If ink-based tattoos are classic, electronic tattoos go beyond just the aesthetic. Potentially, e-tattoos could be used to monitor vitals, track distance, and administer drugs. Yet, e-tattoos have yet to reach the widespread popularity they were expected to in 2014.
In fact, Forbes reported that electronic tattoos would be the future of healthcare.
Electronic tattoos blur the line between electronics and biology. Unlike other mobile devices, they are bio-integrated tattoo-like wearables whose applications are limited only by the imagination.Why isn't everyone wearing MIT's DuoSkin?Click To Tweet
Bio-Integrated Tattoos to Track Vital Signs
Resembling a regular, old ink tattoo that dries beneath the skin, researcher Nanshu Lu and colleagues from the Department of Aerospace Engineering and Engineering Mechanics at the University of Texas designed a cut-and-paste patch integrated with microwires, transistors, diodes and miniaturized sensors. An innovation that earned them the NetExplo Grand Prize in 2013.
This is a newish type of wearable that provides access to vital information such as body temperature, blood pressure, blood oxygen level, heart rate, stress level, and emotional state.
This biological data can be transmitted, via a mobile app, to a physician during physical activity, treatment follow-up, or after graduating from physical therapy.
Several models of electronic tattoos that monitor the activity of the brain, heart, and muscles have followed. Equipped with a flexible electronic circuit printed on a flexible adhesive that follows the shape of the skin, these devices promise a healthcare revolution.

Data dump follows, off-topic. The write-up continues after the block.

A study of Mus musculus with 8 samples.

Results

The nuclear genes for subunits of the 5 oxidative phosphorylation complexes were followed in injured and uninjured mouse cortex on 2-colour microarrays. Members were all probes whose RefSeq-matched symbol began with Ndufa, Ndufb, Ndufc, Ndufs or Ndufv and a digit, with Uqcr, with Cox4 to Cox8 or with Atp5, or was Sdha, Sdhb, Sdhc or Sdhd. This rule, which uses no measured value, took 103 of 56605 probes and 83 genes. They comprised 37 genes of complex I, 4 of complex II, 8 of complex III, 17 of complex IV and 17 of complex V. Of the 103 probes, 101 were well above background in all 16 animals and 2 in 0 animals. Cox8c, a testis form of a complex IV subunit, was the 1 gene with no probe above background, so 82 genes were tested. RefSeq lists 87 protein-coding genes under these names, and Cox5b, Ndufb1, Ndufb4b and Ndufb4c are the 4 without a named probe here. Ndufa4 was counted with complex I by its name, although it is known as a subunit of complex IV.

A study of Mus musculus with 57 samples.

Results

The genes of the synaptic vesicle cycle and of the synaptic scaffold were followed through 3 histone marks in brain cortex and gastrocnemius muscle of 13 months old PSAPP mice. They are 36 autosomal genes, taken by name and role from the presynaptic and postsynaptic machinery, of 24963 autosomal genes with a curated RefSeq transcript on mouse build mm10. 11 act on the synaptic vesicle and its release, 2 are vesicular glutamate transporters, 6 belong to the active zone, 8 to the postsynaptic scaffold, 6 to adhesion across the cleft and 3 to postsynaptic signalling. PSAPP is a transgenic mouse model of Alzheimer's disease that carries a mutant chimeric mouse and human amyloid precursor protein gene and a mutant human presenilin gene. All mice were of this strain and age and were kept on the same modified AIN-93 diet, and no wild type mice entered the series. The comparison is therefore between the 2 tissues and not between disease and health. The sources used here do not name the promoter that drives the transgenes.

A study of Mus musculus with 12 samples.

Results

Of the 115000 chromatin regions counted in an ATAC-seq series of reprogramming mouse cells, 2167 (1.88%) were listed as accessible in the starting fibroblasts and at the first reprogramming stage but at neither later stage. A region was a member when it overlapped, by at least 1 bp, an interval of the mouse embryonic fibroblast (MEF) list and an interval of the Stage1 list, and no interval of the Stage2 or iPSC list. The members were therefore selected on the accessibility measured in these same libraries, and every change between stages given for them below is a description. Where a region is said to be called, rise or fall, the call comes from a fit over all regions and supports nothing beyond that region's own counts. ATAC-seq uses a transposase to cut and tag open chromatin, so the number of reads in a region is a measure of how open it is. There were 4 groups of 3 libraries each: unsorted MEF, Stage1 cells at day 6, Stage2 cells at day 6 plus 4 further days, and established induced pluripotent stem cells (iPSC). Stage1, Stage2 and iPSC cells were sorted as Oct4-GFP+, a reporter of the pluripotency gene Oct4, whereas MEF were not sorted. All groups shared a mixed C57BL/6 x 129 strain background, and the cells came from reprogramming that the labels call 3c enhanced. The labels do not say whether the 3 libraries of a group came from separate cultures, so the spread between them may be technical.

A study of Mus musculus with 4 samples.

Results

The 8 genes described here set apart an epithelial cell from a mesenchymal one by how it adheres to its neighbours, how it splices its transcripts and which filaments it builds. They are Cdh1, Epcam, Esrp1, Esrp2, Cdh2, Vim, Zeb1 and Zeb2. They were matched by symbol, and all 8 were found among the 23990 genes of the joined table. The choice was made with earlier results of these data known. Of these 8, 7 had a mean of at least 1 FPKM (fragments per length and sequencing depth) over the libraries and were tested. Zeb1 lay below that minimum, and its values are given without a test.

However, there is still the question of commercial viability. The general public does not seem excited about the idea of an electronic tattoo printed on their skin.
What’s Holding Electronic Tattoos From Going Mainstream?
In order to proliferate the e-tattoo, perhaps we should include one for free inside a cereal box, like the famous lick-and-stick tattoos any 1990s kid had dissolving off of their forehead.
The integrity of an e-tattoo lies in its adherence, thinness, flexibility, and durability (particularly being able to function in extreme conditions). A lack of one or more of these qualities could explain why the market hasn’t exploded.
Electronic tattoos are very hard to design, and as such expensive to produce. One of the main advantages of electronic tattoos is their flexibility, which requires all the components of the circuit to be flexible, which make their design complex and time-consuming.
But scientists are working to make the manufacture of flexible digital tattoos simple, practical, and relatively inexpensive.
For example, researchers from Waseda University in Japan developed a technique to make printed e-circuits using conventional inkjet printers. Instead of making electronic components inside a printed circuit flexible one by one, they made the electrical contacts connecting these components flexible.
Researchers at MIT used gold metal leaf as a conductor to create a temporary tattoo that can be used to control devices. MIT’s DuoSkin process enables anyone to fabricate a customized on-skin interface.